Not all exercise is created equal when trying to maintain or build bone density, here’s your guide to finding the right exercise for you.1
Dubbed the “silent disease” because you can’t see it or feel it, osteoporosis can sound like a devastating diagnosis when you hear it. Pictures of hunched over backs and broken hips enter the imagination. But it doesn’t have to be that way. Once diagnosed with osteoporosis or osteopenia there are 2 main goals from a medical perspective:
You may have heard that exercise is important for osteoporosis. Studies have shown that you can build bone density through exercise or in the very least you can prevent further bone loss. It also helps prevent fractures by building muscular strength, core strength and balance. When performed with correct form it can also improve posture which helps decrease spinal compression reducing the risk for compression fractures of the spine that give people that stereotypical osteoporosis hunch.
But not all exercise is created equal for building or maintaining bone or helping prevent fractures. The type of exercise that is right for you depends on several factors:
For bone to be stimulated to grow it needs good nutritional support and it needs impact. If you’ve ever accidentally hit your shin against something and later felt a bump on the shin bone afterwards that’s because bone built up in that spot of the impact. I’m not suggesting abusing your bones! But doing activities with more impact help build bone more. That means swimming, being low impact, doesn’t help build bone and can actually promote a decrease in bone strength. But upright activities especially high impact aerobics, weight training, running, do help build bone. According to Robyn Fuchs, PhD, 2-4 hours/week of moderate activity decreases hip fracture risk by 25%. That’s HUGE!
Walking can also help maintain current bone density. I recommend trying walks on uneven terrain and with hills to add a little more impact and work to your muscles. You can check out the chart below to see what exercise research has shown to build bone and even what sites it builds bone in.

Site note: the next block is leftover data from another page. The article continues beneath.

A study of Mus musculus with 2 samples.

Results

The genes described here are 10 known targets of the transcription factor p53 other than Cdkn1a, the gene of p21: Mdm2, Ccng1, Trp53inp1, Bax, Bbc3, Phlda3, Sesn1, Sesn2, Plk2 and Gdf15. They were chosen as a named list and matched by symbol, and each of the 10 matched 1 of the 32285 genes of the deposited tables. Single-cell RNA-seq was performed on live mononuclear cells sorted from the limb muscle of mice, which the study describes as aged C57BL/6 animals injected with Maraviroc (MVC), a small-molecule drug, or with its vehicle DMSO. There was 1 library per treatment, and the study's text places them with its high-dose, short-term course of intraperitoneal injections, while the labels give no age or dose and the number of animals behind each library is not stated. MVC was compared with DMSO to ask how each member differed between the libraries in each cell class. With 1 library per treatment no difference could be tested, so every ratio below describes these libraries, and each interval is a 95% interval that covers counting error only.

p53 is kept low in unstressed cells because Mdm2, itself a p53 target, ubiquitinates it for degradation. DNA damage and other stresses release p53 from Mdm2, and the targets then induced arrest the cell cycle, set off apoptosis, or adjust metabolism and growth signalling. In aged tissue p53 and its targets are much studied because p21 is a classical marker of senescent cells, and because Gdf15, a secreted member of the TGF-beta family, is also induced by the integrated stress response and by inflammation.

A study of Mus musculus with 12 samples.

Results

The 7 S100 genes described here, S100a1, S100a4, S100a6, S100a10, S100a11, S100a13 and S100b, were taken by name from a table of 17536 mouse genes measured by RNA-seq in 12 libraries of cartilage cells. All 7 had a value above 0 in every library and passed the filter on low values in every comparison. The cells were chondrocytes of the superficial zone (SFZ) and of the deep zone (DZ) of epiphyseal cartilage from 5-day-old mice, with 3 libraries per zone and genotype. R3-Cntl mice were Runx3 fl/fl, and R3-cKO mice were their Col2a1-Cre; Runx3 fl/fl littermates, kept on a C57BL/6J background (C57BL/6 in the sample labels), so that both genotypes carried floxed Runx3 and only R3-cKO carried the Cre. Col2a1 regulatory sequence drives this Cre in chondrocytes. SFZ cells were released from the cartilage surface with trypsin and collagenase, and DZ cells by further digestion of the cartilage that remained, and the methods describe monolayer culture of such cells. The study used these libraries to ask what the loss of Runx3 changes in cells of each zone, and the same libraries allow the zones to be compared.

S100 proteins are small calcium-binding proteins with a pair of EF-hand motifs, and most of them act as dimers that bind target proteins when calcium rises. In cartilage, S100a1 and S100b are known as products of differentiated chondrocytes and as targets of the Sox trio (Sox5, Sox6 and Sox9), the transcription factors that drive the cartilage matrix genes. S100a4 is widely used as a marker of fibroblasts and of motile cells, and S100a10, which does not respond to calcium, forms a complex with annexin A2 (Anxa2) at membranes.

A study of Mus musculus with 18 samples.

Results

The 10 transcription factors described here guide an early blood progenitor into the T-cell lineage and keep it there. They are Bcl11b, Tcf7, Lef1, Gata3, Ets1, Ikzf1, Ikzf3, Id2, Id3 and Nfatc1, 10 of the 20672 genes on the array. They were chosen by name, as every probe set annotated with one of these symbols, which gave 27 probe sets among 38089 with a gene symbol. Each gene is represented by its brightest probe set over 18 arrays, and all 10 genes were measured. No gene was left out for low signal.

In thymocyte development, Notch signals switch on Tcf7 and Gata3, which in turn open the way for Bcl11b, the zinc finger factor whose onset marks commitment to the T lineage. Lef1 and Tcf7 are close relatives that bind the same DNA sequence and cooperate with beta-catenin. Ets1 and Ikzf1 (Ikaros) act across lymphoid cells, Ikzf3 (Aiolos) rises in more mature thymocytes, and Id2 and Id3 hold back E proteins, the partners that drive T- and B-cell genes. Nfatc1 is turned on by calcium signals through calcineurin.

Exercise Type & Effect on Bone Building
Effect on Bone Density
Bone Building Sites
|Swimming||No Increase or Decrease||None|
|Walking||Protects against further loss||Hip, Lumbar, Spine|
|Low-Impact Aerobic Exercise||Protects against further loss||Hip, Lumbar, Spine|
|High-Impact Aerobic Exercise||Increases||Hip, Lumbar, Spine|
|Weight Training||Increases||Hip, Lumbar, Spine Radius|
|Running||Increases||Hip, Lumbar, Spine|
|Squash (Racquet Sport)||Increases||Hip, Lumbar, Spine Radius|
Todd JA and Robinson RJ. Osteoporosis and Exercise (Review) Postgraduate Medical Journal (2003)320-330.
Ideally, one should perform 30-60 minutes of resistive and weight bearing activities 3 times per week.
Finally, it is important to add variety to your exercise routine. If you can find a few different things that you enjoy doing for exercise that is best. Our bodies adapt to daily routines, even exercise. If you don’t continue to “keep it guessing” by changing your exercise routine every 4-6 months you will maintain what you’ve gained in strength and bone density but you might limit that gain.
Our guest blogger this week is our rock star Dr. Sarah Petrich of Live Your LifeTM
Dr. Petrich is also certified in Postural Restoration. She completed her Pilates rehabilitation training with Polestar Pilates and is Pilates Method Alliance Certified. She combines these two specialties to correct musculoskeletal imbalances and asymmetries, decrease pain and increase ease and efficiency of movement so clients become a stronger, balanced and relaxed self.
Robyn Fuchs, PhD 2009 CSM Las Vegas
1Todd JA and Robinson RJ. Osteoporosis and Exercise (Review) Postgraduate Medicare Journal (2003)320-330.